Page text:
Professor Paul Watt

Professor Paul Watt

Visiting Professor

Department of Sociology

Key Expertise
Social Housing, Urban Regeneration, Gentrification, Neighbourhoods

About me

Paul Watt joined the Department of Sociology as a Visiting Professor in 2023 and will be there until 2026. He also studied in the Department (MPhil. Sociology, University of London). Paul is Emeritus Professor of Urban Studies at Birkbeck, University of London, where he worked until 2023. He previously held posts at the University of Wolverhampton, University of East London, and Buckinghamshire New University. Paul is a member of the editorial board of ‘City’.

Research interests

Paul is an urbanist whose research examines the inter-relationship between social inequalities, space and place in contemporary cities. Paul's research interests include social housing, urban regeneration, gentrification, neighbourhoods and communities, homelessness, housing activism, the 2012 London Olympic Games, and suburbanisation. His most recent book is Estate Regeneration and Its Discontents: Public Housing, Place and Inequality in London (Policy Press, 2021).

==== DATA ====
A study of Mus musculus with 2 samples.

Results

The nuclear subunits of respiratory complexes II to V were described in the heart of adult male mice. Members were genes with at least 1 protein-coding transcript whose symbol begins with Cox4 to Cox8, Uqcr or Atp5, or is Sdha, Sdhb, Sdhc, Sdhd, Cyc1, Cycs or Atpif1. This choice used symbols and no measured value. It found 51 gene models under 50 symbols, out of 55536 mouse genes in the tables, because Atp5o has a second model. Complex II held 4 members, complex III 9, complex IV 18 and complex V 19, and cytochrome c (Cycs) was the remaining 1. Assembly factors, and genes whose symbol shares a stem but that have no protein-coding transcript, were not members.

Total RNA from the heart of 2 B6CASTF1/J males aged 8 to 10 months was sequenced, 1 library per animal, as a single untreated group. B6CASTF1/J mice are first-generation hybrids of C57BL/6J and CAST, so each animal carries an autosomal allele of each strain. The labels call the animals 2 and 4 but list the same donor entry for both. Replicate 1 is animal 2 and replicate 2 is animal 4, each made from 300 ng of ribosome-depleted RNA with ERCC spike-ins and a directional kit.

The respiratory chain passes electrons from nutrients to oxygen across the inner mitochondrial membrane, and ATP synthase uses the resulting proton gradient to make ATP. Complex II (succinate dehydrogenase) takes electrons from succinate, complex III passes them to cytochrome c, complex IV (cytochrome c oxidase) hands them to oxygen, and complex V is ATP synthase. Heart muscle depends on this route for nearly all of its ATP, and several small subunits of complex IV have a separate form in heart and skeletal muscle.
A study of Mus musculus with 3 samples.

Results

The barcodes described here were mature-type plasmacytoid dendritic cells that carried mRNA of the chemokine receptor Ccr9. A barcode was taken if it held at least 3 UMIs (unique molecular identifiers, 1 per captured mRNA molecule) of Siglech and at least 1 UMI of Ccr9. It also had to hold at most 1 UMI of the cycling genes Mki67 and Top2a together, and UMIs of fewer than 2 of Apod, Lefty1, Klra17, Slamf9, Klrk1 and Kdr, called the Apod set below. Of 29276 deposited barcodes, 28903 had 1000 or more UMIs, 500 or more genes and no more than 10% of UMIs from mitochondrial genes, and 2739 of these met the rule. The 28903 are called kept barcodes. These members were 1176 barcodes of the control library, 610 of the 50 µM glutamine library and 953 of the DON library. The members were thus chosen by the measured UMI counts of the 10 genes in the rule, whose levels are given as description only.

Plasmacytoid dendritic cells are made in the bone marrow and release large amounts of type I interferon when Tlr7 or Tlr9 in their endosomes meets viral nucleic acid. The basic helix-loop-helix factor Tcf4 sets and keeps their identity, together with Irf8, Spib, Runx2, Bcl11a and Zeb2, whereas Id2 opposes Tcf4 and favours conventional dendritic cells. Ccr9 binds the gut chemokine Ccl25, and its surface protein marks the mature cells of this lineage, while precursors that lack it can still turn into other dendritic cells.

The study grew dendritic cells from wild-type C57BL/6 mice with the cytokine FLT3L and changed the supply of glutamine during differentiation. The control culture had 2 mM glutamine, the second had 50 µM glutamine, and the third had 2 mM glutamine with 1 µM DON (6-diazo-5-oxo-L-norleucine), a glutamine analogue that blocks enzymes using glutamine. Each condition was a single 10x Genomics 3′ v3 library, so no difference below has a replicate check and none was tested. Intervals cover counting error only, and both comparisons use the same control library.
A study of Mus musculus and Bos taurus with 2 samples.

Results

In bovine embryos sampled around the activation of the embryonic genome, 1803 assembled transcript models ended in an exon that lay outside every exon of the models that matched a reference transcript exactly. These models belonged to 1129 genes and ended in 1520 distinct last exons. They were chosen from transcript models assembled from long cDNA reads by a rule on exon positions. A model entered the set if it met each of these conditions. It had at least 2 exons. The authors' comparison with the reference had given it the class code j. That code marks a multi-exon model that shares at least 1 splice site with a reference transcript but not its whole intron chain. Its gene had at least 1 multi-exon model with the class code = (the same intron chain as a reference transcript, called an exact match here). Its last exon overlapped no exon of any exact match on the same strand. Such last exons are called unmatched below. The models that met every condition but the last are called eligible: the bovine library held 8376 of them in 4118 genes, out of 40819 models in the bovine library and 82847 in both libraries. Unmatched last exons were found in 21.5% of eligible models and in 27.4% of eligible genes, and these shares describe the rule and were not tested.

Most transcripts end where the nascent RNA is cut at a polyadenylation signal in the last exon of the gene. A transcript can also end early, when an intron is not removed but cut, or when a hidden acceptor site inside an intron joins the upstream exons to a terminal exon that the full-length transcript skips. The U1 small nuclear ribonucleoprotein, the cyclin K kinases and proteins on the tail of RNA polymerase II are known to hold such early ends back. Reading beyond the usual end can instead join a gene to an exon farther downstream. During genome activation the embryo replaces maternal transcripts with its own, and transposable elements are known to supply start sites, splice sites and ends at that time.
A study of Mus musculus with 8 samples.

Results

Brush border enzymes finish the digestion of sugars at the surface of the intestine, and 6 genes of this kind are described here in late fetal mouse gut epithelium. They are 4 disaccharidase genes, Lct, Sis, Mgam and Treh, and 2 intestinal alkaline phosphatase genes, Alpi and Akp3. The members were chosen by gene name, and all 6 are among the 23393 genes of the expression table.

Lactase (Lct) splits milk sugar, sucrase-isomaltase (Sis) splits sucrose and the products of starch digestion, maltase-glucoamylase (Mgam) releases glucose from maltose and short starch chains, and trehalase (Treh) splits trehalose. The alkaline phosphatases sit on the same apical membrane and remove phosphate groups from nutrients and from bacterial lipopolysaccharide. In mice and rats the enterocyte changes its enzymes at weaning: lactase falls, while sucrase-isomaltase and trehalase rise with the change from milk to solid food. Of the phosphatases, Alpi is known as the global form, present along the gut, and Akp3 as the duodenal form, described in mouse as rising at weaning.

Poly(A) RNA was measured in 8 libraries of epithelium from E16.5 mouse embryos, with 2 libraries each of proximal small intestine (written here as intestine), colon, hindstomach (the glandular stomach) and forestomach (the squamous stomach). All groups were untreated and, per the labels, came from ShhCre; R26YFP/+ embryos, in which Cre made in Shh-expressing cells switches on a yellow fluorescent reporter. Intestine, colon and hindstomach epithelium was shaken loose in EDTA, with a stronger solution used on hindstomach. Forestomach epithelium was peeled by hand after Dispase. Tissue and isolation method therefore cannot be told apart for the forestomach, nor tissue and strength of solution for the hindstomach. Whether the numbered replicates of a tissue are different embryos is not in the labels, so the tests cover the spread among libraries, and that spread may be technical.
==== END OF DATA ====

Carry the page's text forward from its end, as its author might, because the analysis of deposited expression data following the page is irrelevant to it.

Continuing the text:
Paul is currently working on two research projects. The first - 'Living at Regenerated Neighbourhoods in London' - is funded by a British Academy, Small Research Grant. The second – ‘The History and Regeneration of an East London Housing Estate’ – focusses on the history and redevelopment of the Carpenters’ estate in the London borough of Newham.


Watt, P. (2021) Estate Regeneration and Its Discontents: Public Housing, Place and Inequality In LondonBristol: Policy Press.

Watt, P. and Smets, P. (Editors) (2017) Social Housing and Urban Renewal: A Cross-National PerspectiveBingley: Emerald.

Cohen, P. and Watt, P. (Editors) (2017) London 2012 and the Post-Olympics City: A Hollow Legacy? Basingstoke: Palgrave Macmillan.

Watt, P. and Smets, P. (Editors) (2014) Mobilities and Neighbourhood Belonging in Cities and Suburbs. Basingstoke: Palgrave Macmillan.

Butler, T. and Watt, P. (2007) Understanding Social Inequality. London: Sage.